The Social Psychology of Cyberspace: Self and Community in the Age of the Internet
Spring Semester, 2000
The Effects of the Internet on Higher Education
Brandon Doner, Jonathan Kahn, Alicia Phipps, Matt Vorell
Within the short span of decade, the United States and nearly every developed country in the world recognized the importance getting up to speed with the benefits of the World Wide Web. The Internet has been perhaps the greatest change in the field of higher education since the conception of the university itself. Some of the areas where one can see the greatest effects of the Internet are the greater alternatives to traditional learning, the effects on modern universities and their students, and industries attitudes towards providing further education for its employees
However, not all changes in higher education involving the Internet are restricted to colleges and universities. Many people want to explore the option of receiving their degree on-line. While this is a fairly new idea, many people are receiving their lessons over the Internet in hopes of earning their diploma without ever stepping foot on a college campus. While this may seem like a wonderful idea to both save money and enlighten one's mind, surely social drawbacks must exist.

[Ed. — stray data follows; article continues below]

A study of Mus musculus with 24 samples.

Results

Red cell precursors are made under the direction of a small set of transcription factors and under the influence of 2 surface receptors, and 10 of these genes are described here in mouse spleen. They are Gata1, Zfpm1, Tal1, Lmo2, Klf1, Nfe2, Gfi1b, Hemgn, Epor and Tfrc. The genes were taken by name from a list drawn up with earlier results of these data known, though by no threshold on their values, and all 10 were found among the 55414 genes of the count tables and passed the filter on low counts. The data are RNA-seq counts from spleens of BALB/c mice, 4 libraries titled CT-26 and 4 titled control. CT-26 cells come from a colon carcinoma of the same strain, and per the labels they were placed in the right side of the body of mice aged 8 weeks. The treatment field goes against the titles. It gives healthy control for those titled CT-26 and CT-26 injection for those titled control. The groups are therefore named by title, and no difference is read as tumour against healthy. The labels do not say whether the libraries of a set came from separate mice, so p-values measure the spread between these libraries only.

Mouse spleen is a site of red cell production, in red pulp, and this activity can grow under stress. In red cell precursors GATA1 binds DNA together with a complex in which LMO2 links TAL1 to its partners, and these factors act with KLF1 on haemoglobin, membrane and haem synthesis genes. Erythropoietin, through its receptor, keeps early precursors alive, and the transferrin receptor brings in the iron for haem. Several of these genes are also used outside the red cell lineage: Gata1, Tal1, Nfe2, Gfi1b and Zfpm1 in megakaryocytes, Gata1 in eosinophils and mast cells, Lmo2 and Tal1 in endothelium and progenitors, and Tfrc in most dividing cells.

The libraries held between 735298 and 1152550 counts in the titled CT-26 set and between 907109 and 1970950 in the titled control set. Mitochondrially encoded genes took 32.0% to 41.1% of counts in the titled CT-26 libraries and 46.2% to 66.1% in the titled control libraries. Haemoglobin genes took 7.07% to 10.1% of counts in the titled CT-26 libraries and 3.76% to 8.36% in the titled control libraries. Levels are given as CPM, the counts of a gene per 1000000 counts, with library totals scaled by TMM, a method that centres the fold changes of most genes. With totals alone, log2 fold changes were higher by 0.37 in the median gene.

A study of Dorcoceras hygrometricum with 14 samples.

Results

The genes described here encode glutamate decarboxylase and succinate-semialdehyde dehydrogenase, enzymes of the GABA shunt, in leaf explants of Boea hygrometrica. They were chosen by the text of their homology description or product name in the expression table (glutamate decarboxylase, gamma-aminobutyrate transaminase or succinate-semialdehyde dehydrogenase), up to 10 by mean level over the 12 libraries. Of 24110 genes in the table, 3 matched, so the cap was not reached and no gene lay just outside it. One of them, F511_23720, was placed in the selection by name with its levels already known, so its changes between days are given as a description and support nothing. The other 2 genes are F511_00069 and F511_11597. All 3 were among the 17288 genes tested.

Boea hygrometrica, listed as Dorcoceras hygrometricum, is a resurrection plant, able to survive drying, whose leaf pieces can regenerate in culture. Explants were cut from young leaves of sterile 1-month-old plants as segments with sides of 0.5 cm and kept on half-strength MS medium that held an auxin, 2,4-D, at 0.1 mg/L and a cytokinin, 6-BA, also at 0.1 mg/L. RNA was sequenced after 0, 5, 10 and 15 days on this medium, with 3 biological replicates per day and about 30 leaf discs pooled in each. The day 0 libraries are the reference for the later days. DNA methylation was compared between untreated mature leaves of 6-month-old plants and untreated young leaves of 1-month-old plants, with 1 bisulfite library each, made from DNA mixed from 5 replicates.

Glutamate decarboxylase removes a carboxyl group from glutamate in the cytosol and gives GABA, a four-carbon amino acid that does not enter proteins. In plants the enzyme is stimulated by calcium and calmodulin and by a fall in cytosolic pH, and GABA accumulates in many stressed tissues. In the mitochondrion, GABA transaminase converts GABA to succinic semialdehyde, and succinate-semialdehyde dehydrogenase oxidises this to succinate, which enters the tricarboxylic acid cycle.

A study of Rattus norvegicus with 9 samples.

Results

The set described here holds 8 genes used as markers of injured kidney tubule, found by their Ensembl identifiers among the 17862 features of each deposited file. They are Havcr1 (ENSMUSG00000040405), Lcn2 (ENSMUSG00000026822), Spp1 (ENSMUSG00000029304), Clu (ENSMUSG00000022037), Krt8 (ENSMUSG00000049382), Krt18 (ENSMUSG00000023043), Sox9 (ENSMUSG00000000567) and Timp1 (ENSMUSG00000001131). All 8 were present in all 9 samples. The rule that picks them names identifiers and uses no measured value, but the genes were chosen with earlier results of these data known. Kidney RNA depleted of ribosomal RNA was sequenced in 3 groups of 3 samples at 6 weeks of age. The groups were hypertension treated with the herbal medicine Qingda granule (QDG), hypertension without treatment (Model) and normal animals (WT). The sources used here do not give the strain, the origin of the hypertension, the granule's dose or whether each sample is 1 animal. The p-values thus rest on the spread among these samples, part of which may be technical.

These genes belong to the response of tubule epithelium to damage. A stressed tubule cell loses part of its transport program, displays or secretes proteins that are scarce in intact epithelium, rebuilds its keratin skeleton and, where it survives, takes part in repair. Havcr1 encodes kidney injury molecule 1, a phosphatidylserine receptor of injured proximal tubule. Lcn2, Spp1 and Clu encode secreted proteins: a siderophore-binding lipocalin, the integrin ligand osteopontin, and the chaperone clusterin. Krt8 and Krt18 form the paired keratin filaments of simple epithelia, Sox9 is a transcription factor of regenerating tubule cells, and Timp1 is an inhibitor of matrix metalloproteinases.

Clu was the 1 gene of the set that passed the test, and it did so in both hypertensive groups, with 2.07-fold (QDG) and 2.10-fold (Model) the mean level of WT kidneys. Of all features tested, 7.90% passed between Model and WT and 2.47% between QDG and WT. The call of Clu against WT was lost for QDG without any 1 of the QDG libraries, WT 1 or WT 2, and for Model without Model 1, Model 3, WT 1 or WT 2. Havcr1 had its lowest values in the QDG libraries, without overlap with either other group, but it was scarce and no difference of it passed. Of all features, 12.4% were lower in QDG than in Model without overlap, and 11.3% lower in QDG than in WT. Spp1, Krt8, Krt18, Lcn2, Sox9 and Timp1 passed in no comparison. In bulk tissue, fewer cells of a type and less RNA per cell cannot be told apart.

The institutions responded by having several fully functional computer labs across campus for student use at all hours, some even now require their students to furnish their own PC. In order to stay competitive and attract the best students, universities like Miami will need to stay on top of information age technology. Also, the focus of students may change as more see the advantage of Computer related degrees.
Corporations also have seen the value of Internet literate employees as more are offering their people the option of taking classes on-line.
Obviously, the effects of Internet on higher education are much broader than the few examples brought up here, however these are the issues that we plan to cover in our group presentation.